Criminal Investigation Cori Bush Campaign Funds Long Overdue, Watchdogs Say
Watchdogs welcome the criminal investigation into Democratic Missouri Rep. Cori Bush's alleged campaign finance violations. DOJ, FEC, and House Ethics Committee investigating.
Democratic Missouri Rep. Cori Bush is now the subject of a criminal investigation by the Department of Justice (DOJ), the Federal Election Commission (FEC), and the House Ethics Committee. This comes after allegations of misusing federal security money, which Bush confirmed in a statement on Tuesday. The DOJ has subpoenaed the House Sergeant at Arms for records related to these allegations, as reported by Punchbowl News.
Hans von Spakovsky, a legal expert at the Heritage Foundation, expressed surprise that the DOJ took so long to investigate, noting that cases like these are typically straightforward and easy to investigate. He explained that while it is permissible to pay a family member a salary for campaign services, it must be proven that they were providing legitimate services and that the payment was at fair market value. In Bush's case, it is highly suspicious that her husband, Cortney Merritts, received payments for security services when he did not have the necessary license in either St. Louis or Washington, D.C.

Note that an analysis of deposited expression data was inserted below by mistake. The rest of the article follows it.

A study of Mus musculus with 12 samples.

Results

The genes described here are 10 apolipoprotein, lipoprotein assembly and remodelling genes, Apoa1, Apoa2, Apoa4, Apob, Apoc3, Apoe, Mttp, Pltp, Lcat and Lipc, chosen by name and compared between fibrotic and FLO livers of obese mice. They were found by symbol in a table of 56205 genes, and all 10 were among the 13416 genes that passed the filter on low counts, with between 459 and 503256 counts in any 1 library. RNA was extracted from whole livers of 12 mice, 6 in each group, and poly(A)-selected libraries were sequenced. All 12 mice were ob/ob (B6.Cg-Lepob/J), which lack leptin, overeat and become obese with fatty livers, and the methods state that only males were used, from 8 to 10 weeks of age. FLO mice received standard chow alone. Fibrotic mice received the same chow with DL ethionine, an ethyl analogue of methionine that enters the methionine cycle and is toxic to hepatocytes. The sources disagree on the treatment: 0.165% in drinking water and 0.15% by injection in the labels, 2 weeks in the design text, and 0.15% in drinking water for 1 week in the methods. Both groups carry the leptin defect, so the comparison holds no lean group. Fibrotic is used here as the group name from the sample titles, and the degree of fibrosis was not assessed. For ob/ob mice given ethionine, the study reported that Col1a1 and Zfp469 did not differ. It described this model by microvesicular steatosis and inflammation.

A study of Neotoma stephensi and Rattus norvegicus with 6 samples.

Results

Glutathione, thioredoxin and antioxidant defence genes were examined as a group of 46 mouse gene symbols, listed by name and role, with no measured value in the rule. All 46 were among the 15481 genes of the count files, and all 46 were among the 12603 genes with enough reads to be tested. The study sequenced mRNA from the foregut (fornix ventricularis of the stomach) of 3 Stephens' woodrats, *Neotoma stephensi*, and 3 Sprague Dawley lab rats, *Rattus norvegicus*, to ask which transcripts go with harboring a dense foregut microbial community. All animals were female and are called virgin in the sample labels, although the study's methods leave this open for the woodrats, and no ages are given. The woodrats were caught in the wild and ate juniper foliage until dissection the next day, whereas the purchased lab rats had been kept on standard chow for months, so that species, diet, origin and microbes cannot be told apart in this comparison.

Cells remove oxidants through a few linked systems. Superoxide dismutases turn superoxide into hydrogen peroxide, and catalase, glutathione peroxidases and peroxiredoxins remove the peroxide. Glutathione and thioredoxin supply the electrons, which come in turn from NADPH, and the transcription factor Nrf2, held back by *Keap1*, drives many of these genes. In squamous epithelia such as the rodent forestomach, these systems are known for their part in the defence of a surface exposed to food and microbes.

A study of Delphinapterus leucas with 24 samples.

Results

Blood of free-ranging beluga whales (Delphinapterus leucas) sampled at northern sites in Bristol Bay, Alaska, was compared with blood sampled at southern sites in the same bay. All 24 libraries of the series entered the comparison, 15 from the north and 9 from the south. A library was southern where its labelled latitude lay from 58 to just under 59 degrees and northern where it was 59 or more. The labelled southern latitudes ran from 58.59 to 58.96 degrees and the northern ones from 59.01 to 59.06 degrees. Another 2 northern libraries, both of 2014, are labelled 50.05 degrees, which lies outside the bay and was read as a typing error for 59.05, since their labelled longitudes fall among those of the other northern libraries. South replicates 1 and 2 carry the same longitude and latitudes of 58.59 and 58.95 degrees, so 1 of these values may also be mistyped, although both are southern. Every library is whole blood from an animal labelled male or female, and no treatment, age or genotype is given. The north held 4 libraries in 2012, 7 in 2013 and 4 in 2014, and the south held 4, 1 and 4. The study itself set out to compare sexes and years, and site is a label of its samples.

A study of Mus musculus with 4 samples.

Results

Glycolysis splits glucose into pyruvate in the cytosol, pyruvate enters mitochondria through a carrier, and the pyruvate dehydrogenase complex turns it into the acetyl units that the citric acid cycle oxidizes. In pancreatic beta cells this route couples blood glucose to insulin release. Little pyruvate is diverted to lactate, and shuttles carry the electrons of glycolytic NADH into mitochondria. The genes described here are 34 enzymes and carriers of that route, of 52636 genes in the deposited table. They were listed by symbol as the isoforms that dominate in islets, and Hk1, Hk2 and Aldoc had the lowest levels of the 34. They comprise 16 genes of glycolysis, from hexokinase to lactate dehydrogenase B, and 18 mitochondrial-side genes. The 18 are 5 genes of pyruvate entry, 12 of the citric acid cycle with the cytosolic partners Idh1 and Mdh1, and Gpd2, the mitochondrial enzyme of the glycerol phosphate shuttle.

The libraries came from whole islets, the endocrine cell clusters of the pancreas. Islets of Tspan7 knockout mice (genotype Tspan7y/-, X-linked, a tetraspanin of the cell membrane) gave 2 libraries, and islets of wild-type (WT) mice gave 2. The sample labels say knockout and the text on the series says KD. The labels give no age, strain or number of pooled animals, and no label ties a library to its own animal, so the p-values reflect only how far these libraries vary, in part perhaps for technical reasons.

Bush's campaign has paid Merritts over $60,000 for security services and wage expenses, according to FEC filings. Watchdog organizations such as the Foundation for Accountability and Civic Trust (FACT) and the Committee to Defeat the President (CDP) have filed complaints regarding these payments, citing the close personal relationship between Bush and Merritts, as well as the lack of a license for security services.
The FEC has ruled that campaigns can use funds to pay for professional private security officers for protection, and family members can receive payments if they are providing a legitimate service at fair market value. However, Merritts is not licensed as a security guard in either of the locations where Bush's district is located, raising further concerns.
Bush's attorney has argued that Merritts' payments were at market value and that he provided legitimate security services for the campaign. The CDP has expressed pride in raising these issues with various authorities, leading to the investigation into Bush's campaign payments to her husband.
This investigation comes amidst previous reports of "squad" Democratic lawmakers spending large sums on security services after advocating for defunding urban police departments. Critics have accused Bush of misusing campaign funds for personal protection while pushing the "Defund the Police" movement, calling for a full investigation into the alleged abuse of taxpayer dollars.
Despite Bush's statement that the Office of Congressional Ethics found no wrongdoing and voted to dismiss the case, the DOJ, FEC, and House Ethics Committee are all currently reviewing the matter. Bush has stated that she is fully cooperating with all pending investigations and looks forward to the same outcome as the previous OCE investigation.